It's the “Best Career you’ve never heard of,” comes with a six-figure salary — and it's available in Porterville.
In fact, Project Steno’s Basic Training is only offered at two high schools across the nation — one in Massachusetts — and the other at Porterville Unified School District’s Academy of Law, Justice and Ethics Pathway at Granite Hills High School.
The program, a free hands-on introduction to steno, is teaching GHHS students the rudiments of machine shorthand theory. And with it, the possibility of offering the students who take the class and pursue the vocation, an opportunity to a career with travel, helping the deaf or hard of hearing, working in a court setting, ESPN or other sport venue, government office or program and the possibility of taking home a six-figure income.
It all began with a nationwide shortage of court reporters, said Court Reporter Lesia Mervin of Visalia. Mervin has been a court reporter for 42 years and is a past president of California Court Reporters Association, who also works in CART (writing for the deaf and hard of hearing,) Captioning (converting audio content into text displayed on a screen, monitor or visual-display system,) writes for the United Nations and is a motivational speaker.
As court reporters retire, there's no one to fill the need, she said. And because those who pursue a job after successful completion, now have an opportunity to do more than actual court reporting, there are now less and less individuals ready to fill the void of actual court reporters. In addition, parents encourage their children to attend a four-year university, not a vocational career path, and the student-loan process for vocational schools isn't always possible.
“That is when we decided as a group to develop a program,” Mervin said of the state association of court reporters.
Mervin said she had heard of a program in Massachusetts and she was interested in starting one in her home-town area.
It originally started as a program for military wives to offer them the opportunity to learn a skill they can take anywhere. If their husbands are transferred in the nation, or overseas, they can take this skill with them and obtain employment anywhere they go, said Mervin.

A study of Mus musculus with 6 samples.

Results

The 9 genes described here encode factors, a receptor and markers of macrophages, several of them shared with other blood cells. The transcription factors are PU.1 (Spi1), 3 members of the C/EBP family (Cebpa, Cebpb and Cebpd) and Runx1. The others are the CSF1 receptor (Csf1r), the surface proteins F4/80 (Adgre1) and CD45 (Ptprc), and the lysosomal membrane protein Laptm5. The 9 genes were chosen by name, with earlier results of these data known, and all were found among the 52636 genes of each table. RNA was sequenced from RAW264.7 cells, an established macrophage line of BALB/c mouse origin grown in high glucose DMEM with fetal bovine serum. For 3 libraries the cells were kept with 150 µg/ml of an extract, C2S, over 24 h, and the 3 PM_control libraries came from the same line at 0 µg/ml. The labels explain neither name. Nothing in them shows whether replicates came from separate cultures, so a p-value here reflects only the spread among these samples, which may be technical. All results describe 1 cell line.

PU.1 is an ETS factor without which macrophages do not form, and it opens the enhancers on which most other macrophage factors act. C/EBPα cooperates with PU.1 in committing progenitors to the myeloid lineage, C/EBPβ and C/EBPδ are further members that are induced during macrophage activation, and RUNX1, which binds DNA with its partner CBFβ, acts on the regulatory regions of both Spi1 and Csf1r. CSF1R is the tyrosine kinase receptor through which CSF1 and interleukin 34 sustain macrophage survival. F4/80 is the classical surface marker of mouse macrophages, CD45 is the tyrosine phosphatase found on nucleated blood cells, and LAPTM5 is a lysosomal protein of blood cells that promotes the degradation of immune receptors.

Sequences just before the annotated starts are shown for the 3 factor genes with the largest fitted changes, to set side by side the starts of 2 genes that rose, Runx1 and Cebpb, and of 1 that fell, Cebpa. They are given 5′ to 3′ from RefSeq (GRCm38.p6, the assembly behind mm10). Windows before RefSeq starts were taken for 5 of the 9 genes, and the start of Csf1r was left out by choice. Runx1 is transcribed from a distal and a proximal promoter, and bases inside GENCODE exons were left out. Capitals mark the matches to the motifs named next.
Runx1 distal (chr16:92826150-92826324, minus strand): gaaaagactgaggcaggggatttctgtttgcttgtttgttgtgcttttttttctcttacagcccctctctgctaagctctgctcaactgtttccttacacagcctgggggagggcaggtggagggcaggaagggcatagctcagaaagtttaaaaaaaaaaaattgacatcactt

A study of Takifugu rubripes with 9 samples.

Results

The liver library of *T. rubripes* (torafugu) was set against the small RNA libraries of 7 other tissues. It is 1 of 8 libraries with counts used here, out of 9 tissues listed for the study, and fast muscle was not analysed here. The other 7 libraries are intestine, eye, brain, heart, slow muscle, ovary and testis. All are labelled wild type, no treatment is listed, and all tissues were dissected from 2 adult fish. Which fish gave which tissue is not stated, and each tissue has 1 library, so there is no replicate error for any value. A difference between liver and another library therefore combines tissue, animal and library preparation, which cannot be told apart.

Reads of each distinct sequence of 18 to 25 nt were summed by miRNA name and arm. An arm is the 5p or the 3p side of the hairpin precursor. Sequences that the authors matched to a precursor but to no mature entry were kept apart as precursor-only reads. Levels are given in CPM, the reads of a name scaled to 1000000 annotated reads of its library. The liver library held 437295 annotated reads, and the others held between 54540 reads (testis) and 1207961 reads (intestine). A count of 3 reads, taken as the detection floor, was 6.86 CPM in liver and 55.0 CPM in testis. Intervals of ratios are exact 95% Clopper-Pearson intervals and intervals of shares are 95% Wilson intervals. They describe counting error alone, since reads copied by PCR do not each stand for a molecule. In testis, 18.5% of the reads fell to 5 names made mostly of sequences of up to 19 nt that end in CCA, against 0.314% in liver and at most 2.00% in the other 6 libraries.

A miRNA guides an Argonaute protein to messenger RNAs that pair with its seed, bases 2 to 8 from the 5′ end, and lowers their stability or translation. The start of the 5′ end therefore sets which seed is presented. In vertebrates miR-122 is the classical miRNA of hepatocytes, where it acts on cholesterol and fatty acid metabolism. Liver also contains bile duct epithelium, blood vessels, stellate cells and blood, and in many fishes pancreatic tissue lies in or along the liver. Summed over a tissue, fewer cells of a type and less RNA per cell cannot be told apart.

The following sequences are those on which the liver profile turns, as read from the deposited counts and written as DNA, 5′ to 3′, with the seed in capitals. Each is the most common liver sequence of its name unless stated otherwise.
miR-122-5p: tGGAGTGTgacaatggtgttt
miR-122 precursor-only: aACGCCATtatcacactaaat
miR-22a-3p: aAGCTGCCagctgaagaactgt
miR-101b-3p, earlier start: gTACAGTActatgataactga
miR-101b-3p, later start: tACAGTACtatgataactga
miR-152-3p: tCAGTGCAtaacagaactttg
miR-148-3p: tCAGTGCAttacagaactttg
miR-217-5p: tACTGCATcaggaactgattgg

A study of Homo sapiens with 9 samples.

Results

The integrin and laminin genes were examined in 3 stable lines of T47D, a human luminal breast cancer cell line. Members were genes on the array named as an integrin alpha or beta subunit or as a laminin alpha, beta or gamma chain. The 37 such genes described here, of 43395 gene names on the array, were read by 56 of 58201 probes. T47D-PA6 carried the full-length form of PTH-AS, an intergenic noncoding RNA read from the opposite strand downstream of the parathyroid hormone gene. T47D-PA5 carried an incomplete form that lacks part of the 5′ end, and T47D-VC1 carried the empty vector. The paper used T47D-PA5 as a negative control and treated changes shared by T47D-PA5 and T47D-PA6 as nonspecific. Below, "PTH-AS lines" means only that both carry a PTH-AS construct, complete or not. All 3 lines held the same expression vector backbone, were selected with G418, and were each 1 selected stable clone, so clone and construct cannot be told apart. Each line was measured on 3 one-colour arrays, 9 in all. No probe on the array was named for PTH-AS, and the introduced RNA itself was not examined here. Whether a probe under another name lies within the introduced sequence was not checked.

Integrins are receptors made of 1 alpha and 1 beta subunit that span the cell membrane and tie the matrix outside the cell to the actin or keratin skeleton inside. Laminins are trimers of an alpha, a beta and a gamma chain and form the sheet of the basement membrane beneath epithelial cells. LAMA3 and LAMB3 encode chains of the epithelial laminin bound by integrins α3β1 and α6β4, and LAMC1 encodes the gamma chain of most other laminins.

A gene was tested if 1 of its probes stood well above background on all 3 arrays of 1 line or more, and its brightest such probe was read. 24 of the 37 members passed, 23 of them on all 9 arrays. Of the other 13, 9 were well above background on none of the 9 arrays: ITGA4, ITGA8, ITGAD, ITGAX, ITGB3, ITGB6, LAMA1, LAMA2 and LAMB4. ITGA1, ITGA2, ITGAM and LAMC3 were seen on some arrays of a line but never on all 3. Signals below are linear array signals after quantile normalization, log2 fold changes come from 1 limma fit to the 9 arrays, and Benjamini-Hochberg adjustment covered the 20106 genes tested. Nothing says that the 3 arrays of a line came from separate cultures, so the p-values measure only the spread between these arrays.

“That is why it was named ‘Basic Training’ and has a lot of military terms in it,” Mervin said.
Mervin said she had already decided she wanted to start and lead such a program in California when it all suddenly fell into place.
Approximately six weeks ago, during an Advisory Board Meeting, ideas for opportunities through the District Attorney’s office and court were discussed for the possibility of adding them to the pathway program when someone asked if there would be interest in adding a court reporting class to the LJE Pathway.
“All of us perked up and said, why not? Let’s go for it,” said school principal Jacob Bowker.
Everyone was all fired up and ready to offer the opportunity that would change lives, he said, adding he's honored to have the program taught at the Law Justice Ethics Academy.
“We saw a real need and partnered with California State Court Reporters Association to do this,” Mervin said.
Only in its fourth week of existence, the class already has the approximate one dozen students excited about their future.
“This six session class is one and a half hours long and when they are done, they will know every key and how to write it,” Mervin said. “Then we will teach them speed.”
And though it appears to be a female dominant career, that's changing since now male and female students can divert and use the program for Captioning — which is used by professional writers on all major sport networks.
“There are so many options,” Mervin said. “All we are teaching the first six weeks is just the machine — just typing a few words — teaching the keyboard.”
In six weeks, they will offer a second introductory class to another group of sophomores, Mervin said. It will be followed by a third group, also for six weeks. And by doing so, they can separate those who are really interested.
“We can see who is interested and who doesn’t try. Who is a natural and who struggles — and we hope to get a handful of good candidates from there,” Mervin said. “That’s our plan.”
She talked about finding a good group of students from the three sessions who would make excellent candidates for a September curriculum with a full program, including English, medical terminology and legal terminology.
“I want to work with the school developing the curriculum,” she said. “My dream is to go through the whole (program) and be done with it but it would be a huge step up if we can get the students halfway or three quarters of the way through the program. This is so exciting for a small town.”
The students can then enroll at a school, such as Bakersfield College, and complete the program on their own.
But for now, Mervin said she wants to get them interested.
“Can we do a full program later? Why not? Let’s start with an introduction and then later, a full program,” Mervin said.
GHHS currently has 16 court reporting machines at the school and the students who are in the class are excited about it.
They talked Wednesday about their interest in learning how to use the keyboard, learning new things, and the new opportunity it's creating. They were also excited, they said, learning of the salary.
“We are so thrilled to offer students the opportunity to get the skill for stenography if it is their chosen career path, or another skill to add to their resume,” said Cynthia Garcia Brown, director of PUSD Pathways. “It’s a Win-Win.”
Helping Mervin run the class is court reporter Madison Thurman of Springville.
“I’m going to mentor this program through,” Mervin said. “I’m not stopping here. I’m going to keep going.”